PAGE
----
Small businesses need broadband to succeed in today’s economy, according to the National Telecommunications and Information Administration (NTIA).
Lawrence E. Strickling, Assistant Secretary for Communications and Information at the U.S. Department of Commerce and head of the NTIA, testified before the U.S. House of Representative’s Committee on Small Business in July highlighting that broadband access and adoption has the potential to increase small business creation and expansion in the United States.
“A key element of building the innovation economy of the future – one that supports new and better jobs, and enhances America’s global competitiveness – is expanding the availability and adoption of broadband access in America,” said Strickling during the summer hearing. “In the near-term, investments in broadband infrastructure help create jobs and business growth by supporting the installation and upgrade of fiber-optic networks, wireless towers, and other high-tech components.”
A November 2010 report by the U.S. Small Business Administration found that the Internet plays an integral role in helping small businesses achieve their strategic goals, improve competitiveness and efficiency, and interact with customers and vendors. Respondents to this survey generally agreed that high-speed Internet access is “as essential to my business as other services such as water, sewer, or electricity.”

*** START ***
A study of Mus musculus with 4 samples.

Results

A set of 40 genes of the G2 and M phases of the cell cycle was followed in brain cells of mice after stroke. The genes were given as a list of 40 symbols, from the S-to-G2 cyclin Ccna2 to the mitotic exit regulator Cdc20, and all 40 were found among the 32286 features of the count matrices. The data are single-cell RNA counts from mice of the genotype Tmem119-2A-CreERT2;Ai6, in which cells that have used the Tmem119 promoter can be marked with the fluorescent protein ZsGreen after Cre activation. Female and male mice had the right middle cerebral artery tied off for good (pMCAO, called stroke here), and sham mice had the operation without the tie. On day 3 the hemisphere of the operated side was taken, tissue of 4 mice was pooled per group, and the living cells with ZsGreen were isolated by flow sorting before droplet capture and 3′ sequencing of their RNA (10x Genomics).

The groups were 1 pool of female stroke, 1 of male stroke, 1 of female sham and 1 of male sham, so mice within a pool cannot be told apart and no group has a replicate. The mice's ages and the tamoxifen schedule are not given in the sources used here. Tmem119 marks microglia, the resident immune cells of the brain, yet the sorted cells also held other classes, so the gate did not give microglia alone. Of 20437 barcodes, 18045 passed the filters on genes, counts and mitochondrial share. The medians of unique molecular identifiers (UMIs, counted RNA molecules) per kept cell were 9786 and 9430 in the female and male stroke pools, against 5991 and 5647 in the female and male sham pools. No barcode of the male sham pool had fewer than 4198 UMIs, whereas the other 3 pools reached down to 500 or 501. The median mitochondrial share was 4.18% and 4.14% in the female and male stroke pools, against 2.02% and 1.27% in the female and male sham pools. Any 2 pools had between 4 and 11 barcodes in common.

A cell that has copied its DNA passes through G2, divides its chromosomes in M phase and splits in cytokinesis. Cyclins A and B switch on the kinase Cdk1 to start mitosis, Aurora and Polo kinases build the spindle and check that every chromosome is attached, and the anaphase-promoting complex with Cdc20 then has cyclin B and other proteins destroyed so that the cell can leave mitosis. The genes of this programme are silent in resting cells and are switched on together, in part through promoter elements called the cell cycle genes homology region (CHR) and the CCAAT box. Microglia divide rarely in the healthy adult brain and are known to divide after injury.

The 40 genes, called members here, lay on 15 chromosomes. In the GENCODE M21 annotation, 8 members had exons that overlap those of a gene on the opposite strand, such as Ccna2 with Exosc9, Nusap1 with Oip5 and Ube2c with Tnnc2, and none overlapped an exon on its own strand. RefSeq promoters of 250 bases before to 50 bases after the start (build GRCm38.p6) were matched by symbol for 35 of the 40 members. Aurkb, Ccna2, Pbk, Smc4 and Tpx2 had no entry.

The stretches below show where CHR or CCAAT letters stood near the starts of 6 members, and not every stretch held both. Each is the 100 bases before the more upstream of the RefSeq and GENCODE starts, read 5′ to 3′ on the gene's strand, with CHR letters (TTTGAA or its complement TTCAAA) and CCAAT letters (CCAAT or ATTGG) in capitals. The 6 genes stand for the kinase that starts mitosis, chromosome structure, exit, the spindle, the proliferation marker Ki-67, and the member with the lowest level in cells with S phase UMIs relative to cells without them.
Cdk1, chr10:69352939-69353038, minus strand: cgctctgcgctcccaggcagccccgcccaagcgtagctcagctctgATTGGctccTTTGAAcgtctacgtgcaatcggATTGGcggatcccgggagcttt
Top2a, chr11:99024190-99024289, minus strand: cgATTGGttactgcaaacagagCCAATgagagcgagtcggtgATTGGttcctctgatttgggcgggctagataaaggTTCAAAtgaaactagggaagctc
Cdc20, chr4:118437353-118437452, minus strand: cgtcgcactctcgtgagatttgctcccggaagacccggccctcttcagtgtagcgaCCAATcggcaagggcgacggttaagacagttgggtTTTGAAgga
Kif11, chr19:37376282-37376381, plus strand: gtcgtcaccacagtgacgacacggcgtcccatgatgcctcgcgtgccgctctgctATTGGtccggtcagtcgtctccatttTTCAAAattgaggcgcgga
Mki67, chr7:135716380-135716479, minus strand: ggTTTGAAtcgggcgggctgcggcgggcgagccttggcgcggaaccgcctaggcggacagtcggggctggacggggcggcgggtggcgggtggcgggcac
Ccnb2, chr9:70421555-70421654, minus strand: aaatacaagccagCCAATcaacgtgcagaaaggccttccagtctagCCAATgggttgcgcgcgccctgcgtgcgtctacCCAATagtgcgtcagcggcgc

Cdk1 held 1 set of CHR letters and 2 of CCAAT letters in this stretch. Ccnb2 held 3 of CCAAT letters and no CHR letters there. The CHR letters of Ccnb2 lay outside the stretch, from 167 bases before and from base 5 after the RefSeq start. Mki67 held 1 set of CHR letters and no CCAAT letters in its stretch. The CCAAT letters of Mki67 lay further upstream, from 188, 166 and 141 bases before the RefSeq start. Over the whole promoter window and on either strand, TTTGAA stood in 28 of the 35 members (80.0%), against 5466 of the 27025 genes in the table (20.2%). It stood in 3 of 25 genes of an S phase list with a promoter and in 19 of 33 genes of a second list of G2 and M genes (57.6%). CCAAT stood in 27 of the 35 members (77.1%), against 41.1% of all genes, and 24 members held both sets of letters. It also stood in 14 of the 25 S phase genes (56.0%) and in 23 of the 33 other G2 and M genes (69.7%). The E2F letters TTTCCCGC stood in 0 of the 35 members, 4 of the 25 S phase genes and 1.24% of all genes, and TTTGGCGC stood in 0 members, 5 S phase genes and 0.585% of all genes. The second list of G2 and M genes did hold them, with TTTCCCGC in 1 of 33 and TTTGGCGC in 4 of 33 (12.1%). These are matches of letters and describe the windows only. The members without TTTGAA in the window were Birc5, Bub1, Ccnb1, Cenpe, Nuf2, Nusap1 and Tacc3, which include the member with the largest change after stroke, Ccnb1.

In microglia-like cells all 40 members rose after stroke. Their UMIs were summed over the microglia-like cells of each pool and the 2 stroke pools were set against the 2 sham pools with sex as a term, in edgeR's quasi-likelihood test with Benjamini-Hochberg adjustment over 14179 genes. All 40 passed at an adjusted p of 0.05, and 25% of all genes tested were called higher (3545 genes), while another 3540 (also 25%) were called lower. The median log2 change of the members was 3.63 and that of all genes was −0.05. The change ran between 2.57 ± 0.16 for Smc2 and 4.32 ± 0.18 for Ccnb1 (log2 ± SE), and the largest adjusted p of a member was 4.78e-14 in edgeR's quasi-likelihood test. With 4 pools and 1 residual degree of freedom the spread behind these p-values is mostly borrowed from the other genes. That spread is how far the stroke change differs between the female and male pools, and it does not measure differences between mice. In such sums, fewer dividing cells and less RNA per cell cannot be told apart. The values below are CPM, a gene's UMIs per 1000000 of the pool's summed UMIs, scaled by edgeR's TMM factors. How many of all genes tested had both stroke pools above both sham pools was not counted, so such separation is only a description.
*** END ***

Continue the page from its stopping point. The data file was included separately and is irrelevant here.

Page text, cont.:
A more recent report from Connected Nation also shows that broadband connectivity is an increasingly essential component for business growth, citing that more than four million U.S. firms have websites and that broadband-connected businesses report annual median sales revenues approximately $300,000 higher than revenues for businesses without broadband.
“This data reveals that broadband has become vital for small businesses in the U.S. to grow and compete in the 21st century,” added Strickling.
Since 2009, through the Broadband Technology Opportunities Program (BTOP), the NTIA has invested almost $4 billion in projects to expand broadband access and adoption in the United States. A key component to these investments is what is deemed the middle-mile, the fundamental link between the national Internet backbone and the local broadband connections to homes, businesses, schools, hospitals, and other areas deemed as community anchor institutions.
Many believe that these investments in the middle-mile is “priming the pump” for additional economic activity.
Strickling explained that investments in the middle-mile have the potential to catalyze millions of dollars in additional private-sector investment as local broadband providers utilize the new infrastructure to expand or enhance their own Internet service for households and businesses. In particular, he added, the open access and interconnection requirements included in BTOP are encouraging last-mile and incumbent broadband providers to tap into grant-supported middle-mile networks to expand broadband services and speeds for American consumers.
According to the NTIA’s most recent data available, all 230 BTOP recipients nationwide have spent approximately $2 billion in federal funds, nearly $700 million in non-federal matching funds, and have entered into nearly 400 interconnection agreements with third-party providers to leverage or interconnect with their networks.
The number of those agreements is expected to increase in 2013.